A London fire chief has described the “impossible decision” to advise a man to go back into the Grenfell Tower blaze to find his daughters, knowing that he “probably wouldn’t survive”.
Jason Oliff, who was acting as the officer of the day during the blaze that claimed 72 lives in June last year, recalled trying to help a 999 call operator deal with a man trapped on the 21st floor with his heavily pregnant wife and three children.
Oliff, who was responsible for relaying information from 999 calls made by trapped residents to the aid rescue efforts, said his advice ultimately came down to “what if it was me”.
“I told the operator ‘tell him to go back and get his daughters’,” Oliff wrote in written evidence given to a public inquiry into the fire on 14 June last year.
Oliff continued: “I knew in saying this that, the male probably wouldn’t survive, but my thinking was that if it was me, I wouldn’t want to get out of that tower without my family and live with that for the rest of my life.”
Oliff’s evidence recalled how the emergency call taker had advised the man to “gather his family and make his way out of the tower” and how no firefighters were present in the smoke-filled stairwell of the west London tower to assist them.
“The operator had anticipated that there would be firefighter to assist,” Oliff wrote, before adding that he then told the operator to tell the family that firefighters were having difficulty getting past the 11th floor, but they needed to “keep going and try to reach safety”.
The male caller told the operator that he was having trouble breathing and a short time later, that he had become separated from his wife.
Oliff’s written statement reads: “The male didn’t know what to do, whether to continue or go back for his wife, the operator was asking me ‘What do I say to him?’.
“I considered the options, this was a highly stressful situation and I did not have the luxury of deliberating over the choices.”
Oliff said he thought it was “unlikely” that the man would be able to find his wife and still make it out of the tower with his children, so having re-confirmed he still had them with him, the operator was instructed to tell the man to “keep going”.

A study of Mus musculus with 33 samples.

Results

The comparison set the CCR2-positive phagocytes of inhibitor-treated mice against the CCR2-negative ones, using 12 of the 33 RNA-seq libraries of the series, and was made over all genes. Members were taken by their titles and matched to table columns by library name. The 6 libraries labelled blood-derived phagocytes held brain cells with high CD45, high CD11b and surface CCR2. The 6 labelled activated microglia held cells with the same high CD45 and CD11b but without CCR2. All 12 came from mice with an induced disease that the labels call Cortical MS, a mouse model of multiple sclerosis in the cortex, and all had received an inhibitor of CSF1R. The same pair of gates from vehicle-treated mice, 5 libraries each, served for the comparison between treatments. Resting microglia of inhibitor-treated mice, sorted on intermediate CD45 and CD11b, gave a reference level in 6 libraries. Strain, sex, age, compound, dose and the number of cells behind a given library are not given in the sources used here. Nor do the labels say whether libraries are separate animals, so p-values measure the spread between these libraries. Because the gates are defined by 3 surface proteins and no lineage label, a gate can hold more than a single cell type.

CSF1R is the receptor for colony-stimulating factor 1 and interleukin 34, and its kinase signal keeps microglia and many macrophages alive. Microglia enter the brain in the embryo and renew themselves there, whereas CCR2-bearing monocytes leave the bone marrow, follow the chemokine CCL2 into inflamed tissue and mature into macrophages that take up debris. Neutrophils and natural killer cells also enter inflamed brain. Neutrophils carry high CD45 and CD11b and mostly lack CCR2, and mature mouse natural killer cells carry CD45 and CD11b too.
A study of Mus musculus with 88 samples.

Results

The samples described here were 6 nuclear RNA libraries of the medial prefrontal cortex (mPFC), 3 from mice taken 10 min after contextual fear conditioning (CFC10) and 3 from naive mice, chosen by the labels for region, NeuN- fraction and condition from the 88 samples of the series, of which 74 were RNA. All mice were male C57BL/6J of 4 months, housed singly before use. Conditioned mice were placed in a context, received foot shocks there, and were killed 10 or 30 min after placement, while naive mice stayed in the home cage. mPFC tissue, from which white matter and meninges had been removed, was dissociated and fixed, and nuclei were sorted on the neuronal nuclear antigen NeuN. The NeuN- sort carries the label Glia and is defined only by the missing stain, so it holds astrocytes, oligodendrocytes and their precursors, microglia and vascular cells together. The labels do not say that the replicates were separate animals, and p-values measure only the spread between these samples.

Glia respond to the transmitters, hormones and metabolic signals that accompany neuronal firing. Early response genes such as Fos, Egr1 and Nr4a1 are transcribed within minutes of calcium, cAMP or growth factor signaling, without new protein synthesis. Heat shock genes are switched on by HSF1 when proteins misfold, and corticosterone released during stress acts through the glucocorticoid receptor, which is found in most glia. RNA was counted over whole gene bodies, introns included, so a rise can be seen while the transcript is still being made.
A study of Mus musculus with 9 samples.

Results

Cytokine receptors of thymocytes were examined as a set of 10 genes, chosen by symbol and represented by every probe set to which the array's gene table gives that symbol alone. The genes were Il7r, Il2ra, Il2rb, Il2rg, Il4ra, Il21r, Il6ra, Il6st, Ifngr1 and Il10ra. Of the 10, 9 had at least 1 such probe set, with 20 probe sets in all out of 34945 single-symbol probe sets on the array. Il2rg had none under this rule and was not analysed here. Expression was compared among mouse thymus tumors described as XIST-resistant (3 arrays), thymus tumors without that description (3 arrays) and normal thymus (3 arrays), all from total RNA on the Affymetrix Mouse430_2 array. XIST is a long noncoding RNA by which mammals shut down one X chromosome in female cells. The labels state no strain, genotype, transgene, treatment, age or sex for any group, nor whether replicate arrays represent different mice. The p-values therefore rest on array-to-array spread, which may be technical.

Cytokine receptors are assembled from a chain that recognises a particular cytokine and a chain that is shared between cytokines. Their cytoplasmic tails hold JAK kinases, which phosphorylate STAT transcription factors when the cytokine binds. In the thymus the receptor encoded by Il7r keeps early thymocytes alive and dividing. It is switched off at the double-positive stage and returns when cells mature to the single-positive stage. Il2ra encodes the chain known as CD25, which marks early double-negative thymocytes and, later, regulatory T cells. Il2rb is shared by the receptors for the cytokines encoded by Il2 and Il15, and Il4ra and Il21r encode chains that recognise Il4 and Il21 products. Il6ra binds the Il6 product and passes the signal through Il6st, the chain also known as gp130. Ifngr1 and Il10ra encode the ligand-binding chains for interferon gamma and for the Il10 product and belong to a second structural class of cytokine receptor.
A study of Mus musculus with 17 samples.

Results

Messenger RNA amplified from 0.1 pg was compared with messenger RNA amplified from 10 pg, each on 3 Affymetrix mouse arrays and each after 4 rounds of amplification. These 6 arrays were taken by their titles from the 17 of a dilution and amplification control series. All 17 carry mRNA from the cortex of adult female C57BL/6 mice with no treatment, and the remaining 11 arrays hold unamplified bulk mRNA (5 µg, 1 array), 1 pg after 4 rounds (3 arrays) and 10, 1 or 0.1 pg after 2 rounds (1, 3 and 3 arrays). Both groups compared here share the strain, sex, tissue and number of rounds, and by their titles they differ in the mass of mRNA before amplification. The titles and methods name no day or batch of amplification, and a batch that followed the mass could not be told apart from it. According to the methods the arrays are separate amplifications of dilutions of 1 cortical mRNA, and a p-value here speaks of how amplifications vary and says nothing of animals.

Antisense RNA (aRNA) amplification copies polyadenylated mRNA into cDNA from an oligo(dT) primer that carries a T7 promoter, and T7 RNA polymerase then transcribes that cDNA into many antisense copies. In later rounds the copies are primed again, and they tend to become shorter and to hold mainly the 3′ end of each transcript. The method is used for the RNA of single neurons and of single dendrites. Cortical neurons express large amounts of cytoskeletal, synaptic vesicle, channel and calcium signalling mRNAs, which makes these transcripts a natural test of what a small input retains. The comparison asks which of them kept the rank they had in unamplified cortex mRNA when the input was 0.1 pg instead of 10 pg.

After descending a further few floors the man told the call taker he had now “lost contact” with his three children.
“The operator could hear the male calling out for his children, he was now in extreme distress,” Oliff’s evidence reads.
“The operator was also understandably distressed, she informed me that the male didn’t know what to do and again asked me ‘What do I tell him?’.
“This was an impossible decision to make. There was no right or wrong answer I could give and I did not give this advice easily.
“I told the operator ‘tell him to go back and get his daughters’.”
Oliff told how it was initially believed the man had found his children, but a short time later the call operator thought he had passed out, something that left her “very distressed”.
“I believed at that time that we had just lost a whole family of five and their unborn child,” Oliff’s evidence reads.
The station manager later learned the family had survived after being helped by firefighters, but that their unborn baby had died.
While not named in Oliff’s evidence, the family at the centre of his statement is believed to be the Gomes’.
The family were on the 21st floor and had earlier told the hearing of the heartache of losing their unborn baby boy, Logan, hours after escaping the fire.
The Grenfell Tower inquiry is currently hearing evidence from firefighters and commanders before further hearings in September will feature the bereaved, survivors and local residents.
The hearings, due to run into November, follow several days of tributes to those killed, heard in May. Phase two of the inquiry is set to address the wider issues the tragedy illuminated and may continue into 2020.
Chairman Sir Martin Moore-Bick, who opened the hearing in September 2017, is due to prepare a report for the Prime Minister on his findings and recommendations which she has undertaken to publish in full.